Andrelton Simmons: Getting in at the Top Floor

This probably wasn’t the type of year most fantasy baseball players who drafted or bought Andrelton Simmons expected from him. The Atlanta Braves’ shortstop finished with a .244 average, a mere seven home runs, and a measly four stolen bases. Even in a year of depressed offense and especially at a position starving for some of it, the third-year player failed to be replacement-level in the average mixed league, according to Sr. Zach Sanders’ shortstop standings.

Simmons seemed to have the makings of an underrated fantasy asset coming into this year. He hit .248 in the previous season yet struck out in only 8.4% of his plate appearances and hit .247 on balls in play, so he appeared to be destined to be a plus – or at least not a minus – in batting average. He swatted 17 long balls, demonstrating that he could be a power player. And he’d stolen as many as 26 bases in a season on the farm, so the possibility of more speed tantalized. None of those things materialized, unfortunately.

Simmons isn’t a bad prospect as a hitter. He has the makings of someone who can hit .275 or better at the major league level, something he did at each of his stops in the minors. His high contact rate, low swinging-strike rate, low reach rate, and low BABIP all supported that. His mediocre line-drive rate suggested perhaps not, but that batted-ball data isn’t the most reliable determinant of success. He’s basically maintained those elements of his profile in AVG that he showed in the minors, as seen at Minor League Central.

There are at least two potential problems that contributed to Simmons’ disappointing AVG in 2014. One is the 17 home runs he hit in 2013. The other is the myriad changes Atlanta attempted to have him adopt in the follow-up, discussed at length on the FG side by Drew Fairservice. Basically, it appears as if the organization concluded that the former was definitely an issue. Those 17 bombs have, according to the Braves, led the youngster to believe that he’s a power hitter, which is the opposite of the type of hitter the Braves see him as.

I’m not sure how right the club was. Yes, the evidence indicates that they’re correct about Simmons: He’d hit nearly 40% fly balls in 2013, but swinging and missing wasn’t on the regular. He’s aggressive, and they should have learned with Jeff Francoeur that they can’t change a guy entirely. Their plan of action could have been a little too drastic, forcing him to adopt an approach instead of tweaking something with which he’s comfortable. Perhaps I’m reading too much into what Atlanta tried to do, but this was Simmons’ age-24 campaign, so he wasn’t just some big ball of clay.

At any rate, Simmons has the tools to hit for a respectable AVG. Perhaps some combination of the club’s backing off a bit and the hiring of a new hitting coach will allow him to show them a little more. Simmons won’t win a batting title, but he can hit .275. I like Fairservice’s J.J. Hardy comp.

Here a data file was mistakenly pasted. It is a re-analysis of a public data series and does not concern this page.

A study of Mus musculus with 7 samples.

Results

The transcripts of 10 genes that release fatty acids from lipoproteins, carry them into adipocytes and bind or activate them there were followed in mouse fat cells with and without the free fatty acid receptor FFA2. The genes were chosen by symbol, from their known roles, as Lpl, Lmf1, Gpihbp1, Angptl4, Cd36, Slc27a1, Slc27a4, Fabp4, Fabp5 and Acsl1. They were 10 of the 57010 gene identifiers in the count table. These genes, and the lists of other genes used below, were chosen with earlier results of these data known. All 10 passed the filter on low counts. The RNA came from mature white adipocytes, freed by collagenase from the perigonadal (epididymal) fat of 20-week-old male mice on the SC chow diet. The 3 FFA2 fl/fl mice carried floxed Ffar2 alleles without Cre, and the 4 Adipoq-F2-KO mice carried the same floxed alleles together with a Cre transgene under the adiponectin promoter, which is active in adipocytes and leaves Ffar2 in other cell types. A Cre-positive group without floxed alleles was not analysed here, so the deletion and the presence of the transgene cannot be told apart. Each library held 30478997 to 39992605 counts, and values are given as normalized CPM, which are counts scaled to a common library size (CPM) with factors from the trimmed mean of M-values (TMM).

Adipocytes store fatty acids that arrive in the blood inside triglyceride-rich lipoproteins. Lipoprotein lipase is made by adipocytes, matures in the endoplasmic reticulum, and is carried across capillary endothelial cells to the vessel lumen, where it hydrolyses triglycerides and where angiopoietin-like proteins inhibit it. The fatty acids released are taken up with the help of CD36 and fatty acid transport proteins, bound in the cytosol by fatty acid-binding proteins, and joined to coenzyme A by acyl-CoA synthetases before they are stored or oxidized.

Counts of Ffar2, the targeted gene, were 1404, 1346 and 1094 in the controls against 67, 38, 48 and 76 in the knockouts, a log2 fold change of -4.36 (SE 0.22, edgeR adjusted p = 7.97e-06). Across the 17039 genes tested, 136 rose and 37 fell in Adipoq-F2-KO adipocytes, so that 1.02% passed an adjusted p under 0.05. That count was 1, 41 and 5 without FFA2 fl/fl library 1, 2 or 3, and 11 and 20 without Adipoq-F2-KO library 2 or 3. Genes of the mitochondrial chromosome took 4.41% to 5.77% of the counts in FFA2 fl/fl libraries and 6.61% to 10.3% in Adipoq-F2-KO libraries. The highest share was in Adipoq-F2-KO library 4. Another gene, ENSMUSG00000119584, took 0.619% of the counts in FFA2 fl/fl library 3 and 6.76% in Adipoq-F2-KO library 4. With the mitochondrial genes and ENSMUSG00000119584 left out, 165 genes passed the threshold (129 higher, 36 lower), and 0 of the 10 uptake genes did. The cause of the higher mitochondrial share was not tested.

And that comp does come with some power. Simmons has displayed that skill. Scouts must like those strong wrists and forearms of his. But he doesn’t have the kind of swing plane that Hardy does, as is plainly evident in Hardy’s batted-ball data. Simmons could produce somewhat similarly, but he’s not the same, so don’t set the bar at 20 homers, please – at least not while he calls the somewhat power-unfriendly Turner Field home.

And Simmons’ stolen-base totals from the minors came with a caveat. When he swiped 26 in 2011 at Class A Advanced Lynchburg, he was also caught 18 times. He has yet to demonstrate that he’ll be an efficient base-stealer as a professional. He isn’t extremely fast. But he has a little speed. The Braves may ask him to utilize it more often if he learns to do it more efficiently.

The reality regarding Simmons heading into this past campaign is that expectations were too high in two of those three core fantasy cases. He was the ninth shortstop drafted, on average, at the most well-known league hosts around the Web, according to Fantasy Pros. Granted, there are reasons to believe that this top-notch fielder can be the kind of commodity on offense for which some folks hoped. But they bought in at close to the ceiling, factoring in hardly any of the floor. They can be forgiven for the fact that Simmons’ club probably contributed to how much the latter was in play.

Regardless, Simmons had shown some promise with the bat on the farm, but he hadn’t played more than half of a season above Class A ball before his 2012 debut. Fantasy owners seemed to forget that Atlanta summoned him to The Show at that time because they had no doubt that his glove would carry him until his bat matured. It’s just another case among those of young players who exceed expectations initially only to set up fantasy owners who believe that the next step is even bigger things.

What’s next, then? It’s possible that, heading into 2015, Simmons has left a bad enough taste in fantasy owners’ mouths that he’ll be an attractive sleeper to opportunists. That’s about where he belonged this past season: Pay for replacement-level offense, or not a whole lot more than that; be willing to top a rival in the end game because he has the talent and room to grow statistically.

Nicholas Minnix oversaw baseball content for six years at KFFL, where he held the loose title of Managing Editor for seven and a half before he joined FanGraphs. He played in both Tout Wars and LABR from 2010 through 2014. Follow him on Twitter @NicholasMinnix.